Anyone who’s been on YouTube can support someone with dementia. That’s perhaps a sweeping statement and it’s potentially tricky given that dementia care is a specialist area of work. But there’s some truth in it.
Technology can bring the world of entertainment into someone’s life, offering a wealth of opportunities for the person with dementia to learn, laugh and enjoy. We say this in a new web resource that we’ve published. Used sensitively and thoughtfully, technology can enhance rather than replace human relationships and interactions.
Let the games begin
Games can encourage people to move, plus focus and interact in ways that are not always easy to provide in care settings. Games on a tablet are a good way to introduce and encourage people to the different finger movements on a touchscreen tablet. Games like iFishPond mean you can touch the screen and make the water splash and you can go fishing as well. You do not have to look for games that are specifically to do with memory or dementia. Try these:
- Jigsaws (e.g. Jigzone.com)
- Sudoku (e.g. the Alzheimer’s Society of Canada post a new Sudoku on their website every day)
- Crosswords (e.g. the Crossword Network)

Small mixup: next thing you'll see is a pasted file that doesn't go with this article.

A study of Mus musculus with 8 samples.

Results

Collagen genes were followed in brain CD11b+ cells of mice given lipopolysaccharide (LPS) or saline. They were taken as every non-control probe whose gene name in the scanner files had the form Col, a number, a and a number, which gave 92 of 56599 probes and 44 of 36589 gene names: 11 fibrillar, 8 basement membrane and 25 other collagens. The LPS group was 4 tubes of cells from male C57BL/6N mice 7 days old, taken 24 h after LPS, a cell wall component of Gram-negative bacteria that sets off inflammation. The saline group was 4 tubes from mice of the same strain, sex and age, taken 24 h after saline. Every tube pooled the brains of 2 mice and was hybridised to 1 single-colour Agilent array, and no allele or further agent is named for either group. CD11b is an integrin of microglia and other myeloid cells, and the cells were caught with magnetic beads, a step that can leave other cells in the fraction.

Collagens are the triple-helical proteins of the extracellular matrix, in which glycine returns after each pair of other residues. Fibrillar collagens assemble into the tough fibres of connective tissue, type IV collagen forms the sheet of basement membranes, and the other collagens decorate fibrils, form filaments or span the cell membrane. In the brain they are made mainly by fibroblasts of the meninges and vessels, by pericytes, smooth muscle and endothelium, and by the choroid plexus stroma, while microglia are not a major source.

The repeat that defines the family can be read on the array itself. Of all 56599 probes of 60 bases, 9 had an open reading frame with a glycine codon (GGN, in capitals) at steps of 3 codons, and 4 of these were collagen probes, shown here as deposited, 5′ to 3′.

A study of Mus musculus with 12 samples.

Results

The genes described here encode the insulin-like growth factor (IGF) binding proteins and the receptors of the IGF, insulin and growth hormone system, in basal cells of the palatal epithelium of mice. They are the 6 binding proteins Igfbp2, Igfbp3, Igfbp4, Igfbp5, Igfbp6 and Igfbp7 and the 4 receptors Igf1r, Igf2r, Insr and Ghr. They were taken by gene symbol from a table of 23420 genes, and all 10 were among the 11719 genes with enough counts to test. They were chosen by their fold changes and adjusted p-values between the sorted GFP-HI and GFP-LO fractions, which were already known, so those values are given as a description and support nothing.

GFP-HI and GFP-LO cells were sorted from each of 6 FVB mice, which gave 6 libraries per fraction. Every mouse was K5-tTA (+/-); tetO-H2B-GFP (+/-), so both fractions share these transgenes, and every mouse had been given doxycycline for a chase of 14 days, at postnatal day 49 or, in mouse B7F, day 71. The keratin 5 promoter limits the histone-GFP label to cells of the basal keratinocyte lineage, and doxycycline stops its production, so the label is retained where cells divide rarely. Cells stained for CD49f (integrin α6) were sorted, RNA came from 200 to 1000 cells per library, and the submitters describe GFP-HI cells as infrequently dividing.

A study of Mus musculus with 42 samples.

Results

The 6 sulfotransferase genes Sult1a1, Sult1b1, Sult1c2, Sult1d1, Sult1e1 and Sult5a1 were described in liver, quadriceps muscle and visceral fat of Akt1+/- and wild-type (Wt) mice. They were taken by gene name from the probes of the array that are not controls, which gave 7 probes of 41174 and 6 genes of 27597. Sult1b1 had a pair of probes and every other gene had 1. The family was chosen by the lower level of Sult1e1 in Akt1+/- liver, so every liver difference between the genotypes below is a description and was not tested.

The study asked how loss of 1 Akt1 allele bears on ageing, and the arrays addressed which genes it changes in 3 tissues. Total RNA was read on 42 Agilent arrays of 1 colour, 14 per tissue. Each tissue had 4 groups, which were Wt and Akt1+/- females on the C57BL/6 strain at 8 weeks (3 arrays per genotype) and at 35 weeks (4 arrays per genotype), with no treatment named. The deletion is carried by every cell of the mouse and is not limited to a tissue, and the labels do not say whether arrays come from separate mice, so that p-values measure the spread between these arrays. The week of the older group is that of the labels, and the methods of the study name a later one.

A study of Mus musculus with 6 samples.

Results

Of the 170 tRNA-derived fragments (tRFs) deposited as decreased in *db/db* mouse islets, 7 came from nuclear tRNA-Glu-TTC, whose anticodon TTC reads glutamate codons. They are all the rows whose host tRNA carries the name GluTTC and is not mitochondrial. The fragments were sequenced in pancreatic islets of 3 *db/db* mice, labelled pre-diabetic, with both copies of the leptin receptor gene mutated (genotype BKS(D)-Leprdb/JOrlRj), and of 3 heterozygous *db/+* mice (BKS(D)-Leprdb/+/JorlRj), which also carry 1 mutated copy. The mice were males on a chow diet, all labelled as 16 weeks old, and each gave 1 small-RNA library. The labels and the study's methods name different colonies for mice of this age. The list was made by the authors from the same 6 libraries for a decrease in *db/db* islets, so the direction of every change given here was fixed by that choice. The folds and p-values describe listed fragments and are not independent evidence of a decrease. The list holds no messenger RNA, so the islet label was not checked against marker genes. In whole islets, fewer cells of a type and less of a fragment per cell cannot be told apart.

Radio can entertain, engage, and help reduce feelings of isolation. It can do this for any of us but for someone with dementia, it can provide a precious link to a world of music, news and stories. Technology may need to be adapted to enable them to access this valuable resource. One Button Radio, Internet Radio and Simple Radio are all examples of things that can help. In the case of Simple Radio, you can set it up once, play a set station, at a set volume, all providing the user with a simple on-off one button operation.
Film, TV etc.
Even though it’s only about 12 years old, YouTube – and other hosting sites like Classic Cinema Online and Open culture free movies – are now firm favourites. In our resource, we talk about how a resident of a care home, who was often disengaged, became animated when he was shown clips of vintage cars. Restoring vintage cars had been his hobby and passion. When his wife saw his reaction, she was amazed, as she hadn’t seen him so engaged in a long time. She decided to buy a tablet computer for the home.
In fact, a projector screen can be used to show old movies that, for instance, care home residents might be interested in. Popcorn can be given out when you have a chat after the movie. It’s a good group experience and it stimulates people to talk and share ideas.
Technology and dementia
It’s not just about entertainment – we have a whole resource on many different aspects of how dementia care can be supported using technology. But I find this area fascinating. Digital entertainment is something that we all use these days and many ways of supporting someone with dementia can be found at our fingertips.
The products I’ve mentioned provide ideas for consideration only. We at SCIE don’t endorse them; and if you are showing films in a communal area you might need a Public Video Screening Licence. (Filmbank have further information).